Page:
Research Director, Head of INSERM Unit U981
INSERM (Institut National de la Santé et de la Recherche Médicale)
Associate Professor, Department of Medical Oncology
Institut Gustave Roussy
- Seeking to improve response to targeted therapies with strategies to prevent resistance.
- Conducting analyses of metastatic breast cancers to identify genomic alterations associated with poor response to targeted therapy.
- These studies are advancing precision medicine by identifying novel approaches to prevent resistance to an important class of anti-cancer drugs.
No two breast cancers are alike, and treatments don’t work the same for every patient. For patients whose tumors have a specific alteration in a gene or growth pathway, therapies that specifically target those vulnerabilities can more effectively kill the tumor. Unfortunately, many targeted therapies have yielded inconsistent results clinical trials. Dr. André is conducting a clinical to identify genetic markers in the tumor and blood from patients that may predict response to a class of targeted therapies called PI3K inhibitors.
Full Research Summary
Each breast cancer is characterized by a unique pattern of genomic alterations. Targeting the genomic alteration responsible for transforming cells from benign to malignant should stop cancer progression, but studies suggest that such targeted treatments may lead to drug resistance in some breast cancer patients.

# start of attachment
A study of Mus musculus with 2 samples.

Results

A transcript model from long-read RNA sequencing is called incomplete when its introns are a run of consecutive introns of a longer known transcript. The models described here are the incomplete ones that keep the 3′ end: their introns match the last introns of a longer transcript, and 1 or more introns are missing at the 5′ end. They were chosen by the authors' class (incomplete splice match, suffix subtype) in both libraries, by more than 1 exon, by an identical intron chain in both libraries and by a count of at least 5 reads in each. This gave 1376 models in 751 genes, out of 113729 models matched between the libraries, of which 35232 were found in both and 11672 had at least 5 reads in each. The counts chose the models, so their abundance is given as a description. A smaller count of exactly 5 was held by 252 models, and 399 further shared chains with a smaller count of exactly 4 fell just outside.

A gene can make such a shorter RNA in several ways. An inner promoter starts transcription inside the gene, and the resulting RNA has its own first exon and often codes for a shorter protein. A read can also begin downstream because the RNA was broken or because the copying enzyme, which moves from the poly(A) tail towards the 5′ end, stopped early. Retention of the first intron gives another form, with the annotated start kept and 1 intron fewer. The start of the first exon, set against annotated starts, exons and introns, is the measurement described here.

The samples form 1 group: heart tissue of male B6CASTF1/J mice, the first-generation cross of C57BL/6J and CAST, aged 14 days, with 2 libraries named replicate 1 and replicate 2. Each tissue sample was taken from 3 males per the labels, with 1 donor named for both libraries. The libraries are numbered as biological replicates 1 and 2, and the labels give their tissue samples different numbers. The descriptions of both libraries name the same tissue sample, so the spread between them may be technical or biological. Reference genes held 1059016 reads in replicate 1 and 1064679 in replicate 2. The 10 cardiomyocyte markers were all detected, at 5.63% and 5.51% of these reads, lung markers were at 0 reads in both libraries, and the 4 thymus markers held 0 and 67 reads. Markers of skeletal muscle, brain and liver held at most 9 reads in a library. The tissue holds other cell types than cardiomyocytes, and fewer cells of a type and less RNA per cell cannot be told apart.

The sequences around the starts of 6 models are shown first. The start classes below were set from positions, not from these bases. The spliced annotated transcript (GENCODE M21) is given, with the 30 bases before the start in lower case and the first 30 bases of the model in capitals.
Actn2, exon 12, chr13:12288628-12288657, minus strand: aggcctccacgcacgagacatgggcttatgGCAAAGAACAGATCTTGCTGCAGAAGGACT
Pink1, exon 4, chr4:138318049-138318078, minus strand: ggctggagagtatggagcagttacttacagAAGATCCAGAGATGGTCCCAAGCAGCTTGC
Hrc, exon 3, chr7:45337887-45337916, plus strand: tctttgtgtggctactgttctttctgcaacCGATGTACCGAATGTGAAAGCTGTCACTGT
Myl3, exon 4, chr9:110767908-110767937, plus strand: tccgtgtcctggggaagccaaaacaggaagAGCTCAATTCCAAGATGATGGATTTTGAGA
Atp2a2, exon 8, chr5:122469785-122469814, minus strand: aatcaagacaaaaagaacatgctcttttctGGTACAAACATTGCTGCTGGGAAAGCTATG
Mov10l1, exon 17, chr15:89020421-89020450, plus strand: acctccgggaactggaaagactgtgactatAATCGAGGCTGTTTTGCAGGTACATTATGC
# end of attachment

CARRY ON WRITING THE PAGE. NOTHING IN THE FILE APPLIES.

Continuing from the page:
PI3K (phosphatidyl inositol -3 kinase) is a key protein in the progression of breast cancers in about 30 percent of patients, making it a promising therapeutic target. While drugs that target PI3K dramatically decrease the tumor size, they only marginally improve outcome. Understanding why this major effect on tumor shrinkage does not translate into improved outcome could lead to new strategies to prevent or overcome resistance.
Several studies have suggested that resistance to PI3K inhibitors may be due to activation of compensatory pathways that make the targeted therapy ineffective. Dr. André is conducting a prospective clinical trial that aims to identify molecular predictors of benefit and mechanisms of to PI3K inhibitors.
The trial will include patients with ER-positive metastatic breast cancers, whose tumors harbor mutations in the PIK3CA gene. These mutations are known to increase the activity of the PI3K pathway. Dr. André will conduct genomic analysis on tissue and blood collected from patients to identify genomic markers that may predict response to PI3K inhibitors.
PI3K inhibitors and other targeted therapies are promising therapeutic options for many patients. Being able to predict which patients are most likely to benefit will ensure that patients receive the right treatments
Fabrice André MD, PhD, is an oncologist based at Gustave Roussy Cancer Cancer, Villejuif, France. He is Professor of Medicine at University Paris Sud. His BCRF research focuses on the characterisation of molecular alterations in metastatic breast cancers. He is leading several prospective trials that aim to show the clinical utility of genomic tests for patients with metastatic breast cancers. He is also leading development of targeted therapies in the same setting. He is the chair of INSERM Unit U981, a research team dedicated to target identification. He is Senior Editor Breast cancer section at Annals of Oncology.